March 31, 2019
William Josie is watching dramatic changes in weather and animal behaviour unfold in Yukon’s most northern community of Old Crow.
Josie, the executive director of the Vuntut Gwitchin First Nation, thinks much of the shift has to do with the effects of climate change.
He and his family spend a lot of time hunting and trapping at their camp at the mouth of the Driftwood River, about 85 kilometres up the Porcupine River.
“The biggest change I’ve seen in the past 20 years is the weather. We seem to be getting warmer winters, we have open water in lakes and rivers, longer and wet summers," says Josie.
He says the caribou are now staying north of the Porcupine River during the fall, and in winter the majority stay in Arctic Village in Alaska.
Last fall, Josie says the herd stayed in the Vuntut National Park and special management areas, about 85 kilometers north of where they usually are. That meant hunters had to go up the Old Crow River to find them.
The changes Josie is seeing suggest a shift in animals’ traditional habitat, as weather patterns change throughout the territory.
He thinks caribou are moving farther north to escape the effects of climate change, specifically an increase in wet weather.
Josie says there’s a lot more rain and it lasts longer, from the summer to well into the fall. So the ground is freezing up, virtually sealing off lichens, an important food source for caribou in winter.
“There is a bigger moose harvest in Old Crow because it’s harder to get caribou in the fall," said Josie.
Josie says that shrubs are now growing north of the treeline and moose are following the food source farther north, so there are more of them to hunt around the community.
Mark O’Donoghue, a biologist with Yukon’s Fish and Wildlife branch, says this increased growth of shrubs due to climate change is attracting moose into what used to be primarily caribou habitat.
“The increase in shrub growth northwards into the tundra and higher up mountains is well-documented as temperatures warm.”
O’Donoghue points out that a longer growing season stimulates more growth, and shrubs can then overtake other plants.
He also warns that human disturbances — things like forestry, or cutting seismic lines and roads for natural gas exploration — also help create shrubby conditions and drive caribou farther north.
“Definitely if you get some real rain during the winter time, that makes it hard for caribou to get at their food,” O’Donoghue said.
“They want the lichens in the ground and that can make them less accessible.
“Certainly in the far north that has been a cause of some die-offs of caribou when they have a lot of rain and they just can’t get food.”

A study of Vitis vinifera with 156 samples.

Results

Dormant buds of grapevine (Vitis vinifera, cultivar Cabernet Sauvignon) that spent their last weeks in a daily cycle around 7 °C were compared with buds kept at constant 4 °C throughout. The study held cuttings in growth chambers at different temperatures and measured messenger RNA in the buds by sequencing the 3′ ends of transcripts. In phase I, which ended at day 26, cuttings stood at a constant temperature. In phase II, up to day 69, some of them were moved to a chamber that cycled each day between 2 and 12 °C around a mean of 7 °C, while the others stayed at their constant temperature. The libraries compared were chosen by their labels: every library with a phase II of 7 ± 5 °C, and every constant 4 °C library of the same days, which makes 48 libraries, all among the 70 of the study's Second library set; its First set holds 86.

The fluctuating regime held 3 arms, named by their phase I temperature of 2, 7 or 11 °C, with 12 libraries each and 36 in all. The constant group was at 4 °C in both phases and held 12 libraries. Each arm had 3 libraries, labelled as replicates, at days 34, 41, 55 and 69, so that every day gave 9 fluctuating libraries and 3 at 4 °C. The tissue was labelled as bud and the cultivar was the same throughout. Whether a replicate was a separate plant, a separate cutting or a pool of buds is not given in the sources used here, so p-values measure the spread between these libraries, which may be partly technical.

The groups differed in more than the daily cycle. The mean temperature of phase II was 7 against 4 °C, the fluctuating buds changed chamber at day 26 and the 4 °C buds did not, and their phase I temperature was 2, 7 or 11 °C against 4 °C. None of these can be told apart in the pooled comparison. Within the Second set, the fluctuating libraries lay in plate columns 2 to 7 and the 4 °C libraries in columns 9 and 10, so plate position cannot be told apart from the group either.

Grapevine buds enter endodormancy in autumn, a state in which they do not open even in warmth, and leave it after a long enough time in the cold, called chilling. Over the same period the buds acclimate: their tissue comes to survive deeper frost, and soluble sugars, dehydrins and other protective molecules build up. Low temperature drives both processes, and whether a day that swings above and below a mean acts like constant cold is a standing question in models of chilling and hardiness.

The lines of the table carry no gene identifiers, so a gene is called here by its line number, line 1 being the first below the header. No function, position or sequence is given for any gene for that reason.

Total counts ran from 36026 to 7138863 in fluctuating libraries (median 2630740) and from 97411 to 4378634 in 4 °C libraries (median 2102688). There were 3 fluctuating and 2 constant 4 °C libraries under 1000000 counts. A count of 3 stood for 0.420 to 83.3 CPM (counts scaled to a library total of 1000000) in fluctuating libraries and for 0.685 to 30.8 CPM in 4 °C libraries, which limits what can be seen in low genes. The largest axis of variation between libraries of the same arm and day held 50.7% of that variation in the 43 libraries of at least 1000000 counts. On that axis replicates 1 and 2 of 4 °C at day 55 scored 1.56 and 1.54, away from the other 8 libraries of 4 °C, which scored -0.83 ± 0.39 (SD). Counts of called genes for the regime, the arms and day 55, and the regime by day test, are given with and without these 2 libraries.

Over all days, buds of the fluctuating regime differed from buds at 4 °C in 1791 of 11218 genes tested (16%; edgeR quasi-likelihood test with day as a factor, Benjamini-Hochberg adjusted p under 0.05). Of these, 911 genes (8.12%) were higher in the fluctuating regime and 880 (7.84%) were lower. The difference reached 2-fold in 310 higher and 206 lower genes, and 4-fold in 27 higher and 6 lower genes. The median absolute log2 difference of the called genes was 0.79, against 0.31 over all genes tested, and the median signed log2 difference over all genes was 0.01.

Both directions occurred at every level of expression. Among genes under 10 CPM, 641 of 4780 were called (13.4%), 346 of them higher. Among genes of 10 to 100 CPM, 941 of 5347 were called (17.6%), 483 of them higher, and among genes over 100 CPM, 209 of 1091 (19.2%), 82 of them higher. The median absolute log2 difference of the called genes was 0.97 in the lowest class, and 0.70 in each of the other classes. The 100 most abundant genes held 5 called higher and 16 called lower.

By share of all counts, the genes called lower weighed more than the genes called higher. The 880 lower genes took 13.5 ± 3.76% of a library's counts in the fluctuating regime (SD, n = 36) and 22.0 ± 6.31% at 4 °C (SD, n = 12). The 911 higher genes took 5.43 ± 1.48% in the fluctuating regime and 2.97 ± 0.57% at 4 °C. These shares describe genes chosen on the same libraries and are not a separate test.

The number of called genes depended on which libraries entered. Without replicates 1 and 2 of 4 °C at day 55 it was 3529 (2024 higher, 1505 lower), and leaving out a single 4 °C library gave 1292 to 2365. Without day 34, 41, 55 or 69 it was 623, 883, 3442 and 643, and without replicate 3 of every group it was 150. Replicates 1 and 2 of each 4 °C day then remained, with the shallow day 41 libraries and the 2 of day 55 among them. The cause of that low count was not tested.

'If they encounter some cold weather in the spring then they just die of hypothermia or pneumonia.'
And there are other threats to their food source — O’Donoghue says biologists are also watching the impacts of a changing fire regime due to climate change.
“If we end up with more frequent or intense fires, these would likely have side effects on caribou, which require lichens for winter food — these take at least 40 to 50 years to develop.”
Deadly for moose
Indigenous elder Chuck Hume lives in the southwestern part of the territory in the small community of Haines Junction.
Hume was born in the bush on the traditional territory of the Champagne and Aishihik First Nations and has spent much of his life out on the land as a hunter, trapper, outfitter and park warden at Kluane National Park and Reserve.
“It’s a late spring now and it runs right into May, June, it stays cold and then our falls are running right into late December,” said Hume. “So it’s a pretty good indication there is a shift that’s happening.”
Hume says the late spring is killing off moose calves in the area.
“The weather is very critical when they’re born. If they encounter some cold weather in the spring then they just die of hypothermia or pneumonia, you know they are wet when they come out and it’s cold.”
Hume’s suspicion that the moose calf population is down significantly was confirmed when he participated in an aerial moose count with Yukon Fish and Wildlife officials in Kluane National Park last November.
The survey showed that while adult moose populations are increasing, there aren't as many calves. Usually staff will see 35 calves per 100 cows, but this year, there were only nine or 10.
According to a recent report from the United Nations, even if the Paris Agreement goals to cut emissions and curb global warming are met, “Arctic winter temperatures are expected to increase three to five degrees Celsius by 2050, unleashing sea level rises worldwide.”
On top of that, and perhaps more devastating for wildlife, rapidly thawing permafrost could accelerate climate change even more.
There’s also the potential of oil and gas development of the Arctic National Wildlife Refuge (ANWR) by the Trump administration.
ANWR is an integral breeding ground for the Porcupine caribou herd. First Nations and environmental groups believe any kind of development would have catastrophic consequences for the herd.
Strong caribou numbers
Despite all of this, the Yukon currently has a very strong caribou population.
While many caribou herds in the Northwest Territories and Nunavut are at record low numbers, O’Donoghue says the Porcupine caribou herd numbers are at an all-time high. According to the Yukon government, the most recent survey in 2017 shows the herd to be well over 200,000 animals.
William Josie remains optimistic.
“They’re going to have to adapt and that’s what they are doing and they’re staying up there where they still have food, it’s cold and they don’t have to go very far to calf.”
He says now it’s the people who are going to have to change.
“We may have to build a meat camp somewhere [farther north] to supply our community down the road, but we’re going to adapt, believe me.”